The apostrophe is yet another punctuation mark that’s so underrated, yet so important. The place where the apostrophe is placed completely changes the meaning of the entire sentence! Yet, I have found many a time that this extremely important punctuation mark has been used where it’s not required and sometimes in places where it’s completely wrong.
Well, let’s take a couple of examples. Let’s see if you can figure out the different meaning of each sentence given below:
- These dolls are my cousins.
- These dolls are my cousin’s.
- These dolls are my cousins’.
Well, have you thought through your answer? I’ll write down the meanings of these statements below:
- The first sentence means that the dolls are a part of your family as they are your cousins.
- The second sentence means that the dolls belong to your cousin (singular– only one cousin). Here the apostrophe shows possession or in other words ownership or belonging.
- In the last sentence, the apostrophe again shows possession, but it means that the dolls belong to many of your cousins (plural– more than one cousin).
Amazing, right? Just a little symbol with so much power to change the entire meaning of a sentence!
- How many of you were able to get the correct meaning of the three sentences above?
- Which ones did you get wrong?
- What was the mistake you made?
- Did notice this-
So, keeping the importance of apostrophes in mind, I am uploading two videos telling you about the different uses of apostrophes in English.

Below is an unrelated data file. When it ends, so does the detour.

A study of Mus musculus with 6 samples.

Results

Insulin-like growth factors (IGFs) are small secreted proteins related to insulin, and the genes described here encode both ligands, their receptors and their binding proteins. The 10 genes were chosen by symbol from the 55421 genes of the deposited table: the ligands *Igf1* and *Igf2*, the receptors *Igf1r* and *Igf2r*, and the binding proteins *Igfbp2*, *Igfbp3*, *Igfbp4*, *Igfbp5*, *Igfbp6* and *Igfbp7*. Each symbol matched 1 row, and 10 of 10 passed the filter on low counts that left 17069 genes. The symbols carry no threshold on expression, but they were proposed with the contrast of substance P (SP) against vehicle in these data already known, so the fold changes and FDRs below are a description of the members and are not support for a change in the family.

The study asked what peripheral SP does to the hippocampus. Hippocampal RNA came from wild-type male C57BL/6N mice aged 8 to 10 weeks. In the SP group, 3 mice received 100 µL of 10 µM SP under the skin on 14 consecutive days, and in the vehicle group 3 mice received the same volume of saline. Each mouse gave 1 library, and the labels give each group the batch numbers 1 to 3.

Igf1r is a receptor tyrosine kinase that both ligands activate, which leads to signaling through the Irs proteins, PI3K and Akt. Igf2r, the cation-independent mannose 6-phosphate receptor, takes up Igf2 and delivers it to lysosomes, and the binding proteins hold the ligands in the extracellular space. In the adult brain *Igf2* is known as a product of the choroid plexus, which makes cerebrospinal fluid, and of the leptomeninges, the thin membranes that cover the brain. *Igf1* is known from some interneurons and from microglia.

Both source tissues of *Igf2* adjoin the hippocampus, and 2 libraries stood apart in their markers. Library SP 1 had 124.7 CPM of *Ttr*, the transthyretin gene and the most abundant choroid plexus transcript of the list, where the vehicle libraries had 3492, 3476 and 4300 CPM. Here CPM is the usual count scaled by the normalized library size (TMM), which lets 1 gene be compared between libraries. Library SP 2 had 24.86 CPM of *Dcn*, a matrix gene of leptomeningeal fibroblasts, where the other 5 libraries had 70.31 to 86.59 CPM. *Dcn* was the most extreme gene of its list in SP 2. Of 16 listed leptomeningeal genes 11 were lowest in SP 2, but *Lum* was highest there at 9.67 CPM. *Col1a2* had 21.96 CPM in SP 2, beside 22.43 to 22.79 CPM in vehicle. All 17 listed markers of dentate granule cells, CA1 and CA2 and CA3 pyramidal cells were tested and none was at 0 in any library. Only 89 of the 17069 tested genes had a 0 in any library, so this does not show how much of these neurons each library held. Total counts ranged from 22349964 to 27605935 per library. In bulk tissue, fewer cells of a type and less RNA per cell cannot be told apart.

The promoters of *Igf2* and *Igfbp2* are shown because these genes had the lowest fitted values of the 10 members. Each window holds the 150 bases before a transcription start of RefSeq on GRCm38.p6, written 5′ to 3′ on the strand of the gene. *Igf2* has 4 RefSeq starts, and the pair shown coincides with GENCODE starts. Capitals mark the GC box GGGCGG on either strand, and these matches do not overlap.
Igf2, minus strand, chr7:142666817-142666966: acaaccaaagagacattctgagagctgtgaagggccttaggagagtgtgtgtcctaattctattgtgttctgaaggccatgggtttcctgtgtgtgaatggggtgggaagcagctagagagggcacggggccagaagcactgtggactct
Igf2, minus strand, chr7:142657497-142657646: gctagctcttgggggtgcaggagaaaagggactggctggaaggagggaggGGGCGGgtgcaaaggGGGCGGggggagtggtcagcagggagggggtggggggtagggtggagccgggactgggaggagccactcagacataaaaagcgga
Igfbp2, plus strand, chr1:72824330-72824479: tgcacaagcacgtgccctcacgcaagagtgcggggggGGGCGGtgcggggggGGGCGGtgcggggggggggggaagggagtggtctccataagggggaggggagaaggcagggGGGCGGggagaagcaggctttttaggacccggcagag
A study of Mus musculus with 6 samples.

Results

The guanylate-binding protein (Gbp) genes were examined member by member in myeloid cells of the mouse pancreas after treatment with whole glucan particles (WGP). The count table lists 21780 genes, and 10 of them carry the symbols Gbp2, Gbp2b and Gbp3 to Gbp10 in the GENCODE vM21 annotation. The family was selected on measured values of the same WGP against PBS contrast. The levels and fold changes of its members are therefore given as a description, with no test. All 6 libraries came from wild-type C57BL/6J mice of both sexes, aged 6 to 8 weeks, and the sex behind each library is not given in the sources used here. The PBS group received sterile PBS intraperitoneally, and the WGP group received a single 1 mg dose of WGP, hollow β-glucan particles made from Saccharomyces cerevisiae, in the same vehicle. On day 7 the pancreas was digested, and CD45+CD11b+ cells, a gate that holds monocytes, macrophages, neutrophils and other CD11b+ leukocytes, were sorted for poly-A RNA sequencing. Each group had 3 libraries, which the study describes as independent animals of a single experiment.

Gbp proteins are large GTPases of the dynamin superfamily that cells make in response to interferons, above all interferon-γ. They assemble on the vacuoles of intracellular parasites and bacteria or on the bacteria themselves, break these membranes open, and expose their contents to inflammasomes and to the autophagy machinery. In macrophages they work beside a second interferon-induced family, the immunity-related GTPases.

Video 1: Use of apostrophe to show possession of one or more than one thing or person.
- There are a couple of apostrophes written even on the board given behind the monsters. Were you able to understand their meaning?
Video 2: Shows the use of apostrophe as contractions (shortened words or phrases).
- Did you notice the General himself used an apostrophe at the end of the video? Which one was it?
P.S. Did you notice how many contractions I’ve used while writing the content? So next time you think about using an apostrophe incorrectly or somewhere it’s not needed, remember, since the apostrophes are such a menace, the Apostrophe Man will have to come and take it to its right place. (That’s why I too didn’t use the apostrophe in the second ‘its’, because it’s not a contraction.)